Burglary rates appear to drop after a surge in 2010

After a small surge in commercial burglaries on Vashon last year, Sgt. JR Hall, Vashon’s administrative sergeant, says the rash of break-ins seems to be decreasing now, likely due to increased police patrolling and community response.

According to King County crime statistics, Vashon businesses reported between 15 and 19 burglaries or attempted burglaries each year between 2006 and 2009. Last year, however, there were 30 reports.

Though Hall noted that some reports may be follow-ups to break-ins that were already recorded, many Vashon business owners have also noticed a change.

Alice Larson, owner of Island Paper Chase, grew concerned late last year when several businesses at Vashon Village, including her own, had computers and other property stolen during the night. In addition, Larson said, some business owners began arriving in the morning to find their offices unlocked when they had been locked the night before, though nothing seemed to be stolen.

Larson took the information to Hall, who at that time was fresh on the job.

“The moment I got that information, I quickly went to work and said we’re going to solve this,” he said.

Hall, who had heard of other late-night or early-morning break-ins at businesses and churches in  town, asked Vashon sheriff’s deputies to begin performing extra patrols in town at night and to add foot patrols to their rounds. Now, he said, deputies get out of their cars, walk outside businesses and rattle doorknobs.

In early February, Hall said, one deputy on foot patrol at Vashon Presbyterian Church arrested a man suspected of stealing a key to the church and repeatedly breaking in at night.

“They stumbled on a burglary in process,” Hall said. “He was one of the people named as a (suspect) in the series of (residential) burglaries that took place in September and November.”

Hall believes the in-creased police presence, which began around the beginning of the year, has caused burglaries to drop at Vashon Village and other town locations. In the first three months of 2011, he said, there were seven burglaries reported at Vashon businesses — fewer, he said, than in late 2010. He said the recent numbers are low, even for a small town.

Businesses owners have also taken measures to protect themselves from crime. 

Gib Dammann, head of buildings and grounds at The Church of the Holy Spirit, said that since seeing an increase in break-ins in the last year or so, the church no longer leaves its doors unlocked at night, something he said many churches used to do to allow people to worship at all hours.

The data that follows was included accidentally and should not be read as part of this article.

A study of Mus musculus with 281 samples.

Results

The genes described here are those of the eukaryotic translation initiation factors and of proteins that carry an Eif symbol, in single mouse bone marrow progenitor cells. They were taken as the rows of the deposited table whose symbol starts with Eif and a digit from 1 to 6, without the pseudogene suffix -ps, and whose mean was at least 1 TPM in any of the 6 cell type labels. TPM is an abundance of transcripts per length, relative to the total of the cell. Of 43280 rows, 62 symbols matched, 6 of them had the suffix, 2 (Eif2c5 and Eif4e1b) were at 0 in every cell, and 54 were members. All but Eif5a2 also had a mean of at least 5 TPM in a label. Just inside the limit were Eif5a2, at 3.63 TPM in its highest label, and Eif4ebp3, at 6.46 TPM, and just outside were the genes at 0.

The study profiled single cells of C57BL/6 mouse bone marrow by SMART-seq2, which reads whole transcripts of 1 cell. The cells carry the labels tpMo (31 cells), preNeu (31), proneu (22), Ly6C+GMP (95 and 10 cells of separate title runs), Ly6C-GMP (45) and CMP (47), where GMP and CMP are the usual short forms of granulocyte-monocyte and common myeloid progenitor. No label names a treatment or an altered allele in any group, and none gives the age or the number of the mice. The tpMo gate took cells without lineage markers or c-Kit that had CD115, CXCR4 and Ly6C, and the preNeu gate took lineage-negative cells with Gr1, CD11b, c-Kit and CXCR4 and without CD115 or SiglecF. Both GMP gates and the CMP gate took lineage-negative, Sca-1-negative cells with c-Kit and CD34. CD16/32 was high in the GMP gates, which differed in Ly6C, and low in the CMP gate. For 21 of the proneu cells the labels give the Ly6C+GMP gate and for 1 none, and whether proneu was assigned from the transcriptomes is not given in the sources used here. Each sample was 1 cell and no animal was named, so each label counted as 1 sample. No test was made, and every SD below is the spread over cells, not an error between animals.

“We were the last ones on the Island to keep the sanctuary open 24/7,” he said. 

But even with doors locked, Dammann said the church has found windows broken, doorknobs tampered with, computers gone and petty cash-boxes stolen. 

“It’s calmed down the last six weeks, but previous to that it seemed like someone was making an attempt at least once a month. … We just keep adding locks and trying to make things more and more secure, and we let the police know about it,” he said.

About nine months ago the church installed several surveillance cameras around the premises after a generator was stolen from a shed on church grounds. Dammann estimates it took at least four people to lift the generator, which cost $4,000.

“Whoever did that was very organized and professional,” he said. 

Dammann was pleased to learn of the increased patrols in town and believes they may have helped curb the number of break-ins at the church. 

He believes those involved in the burglaries are likely drug addicts, the type of people the church tries to reach out to in its weekly free dinners. 

“In some respects it’s like you’re biting the hand that feeds you,” he said.

Clay Glebb, a manager at Vashon Thriftway, said that his store, too, installed surveillance cameras last fall after seeing about a 10 percent increase in shoplifting in the last year. He suspects the increase is related to the difficult economy.

“It definitely is a big concern for us,” Glebb said. “We are always trying to look for ways to decrease our losses as much as we can, but it’s very hard to keep up with the amount of shoplifting we have going on.”

Glebb said other stores in the shopping center, which his family owns, have seen more theft. The store owners now share the names of known shoplifters, who are in turn banned from the entire center, he said.

Though burglaries in town appear to be down, some business are still getting hit. True Value had canisters of propane stolen from the locked area at its service center at least twice in the last month and a half, and kerosene was recently stolen from the main store. 

“I was surprised they would be so bold as to do something like cut a lock,” said Doug Snyder, the store’s owner.

Snyder thinks he knows who some of the thieves are and, like Dammann, believes they steal to fuel their drug addictions. He reported the incidents, bought a bigger padlock for the service center and hopes he’s seen the last of the break-ins at his store.

If it happens again, he said, “We may have to go to outdoor cameras.”

Meanwhile, Hall is working with Deborah Richards, director of the Vashon-Maury Island Chamber of Commerce, to increase communication with Island businesses with an e-mail newsletter.

“It would be really good for the businesses to hear firsthand what is going on and what (the sheriff’s office) is doing,” Richards said.

Tentatively called Vashon Crime News, the newsletter will give business owners details about recent crimes and what they should look out for. Hall, who is able to visit the Island only about once a month, also hopes the newsletter will further open lines of communication between him and business owners by encouraging them to report any burglaries or suspicious activity. 

“I would love to see a month or two or three where commercial burglaries drop to zero,” he said.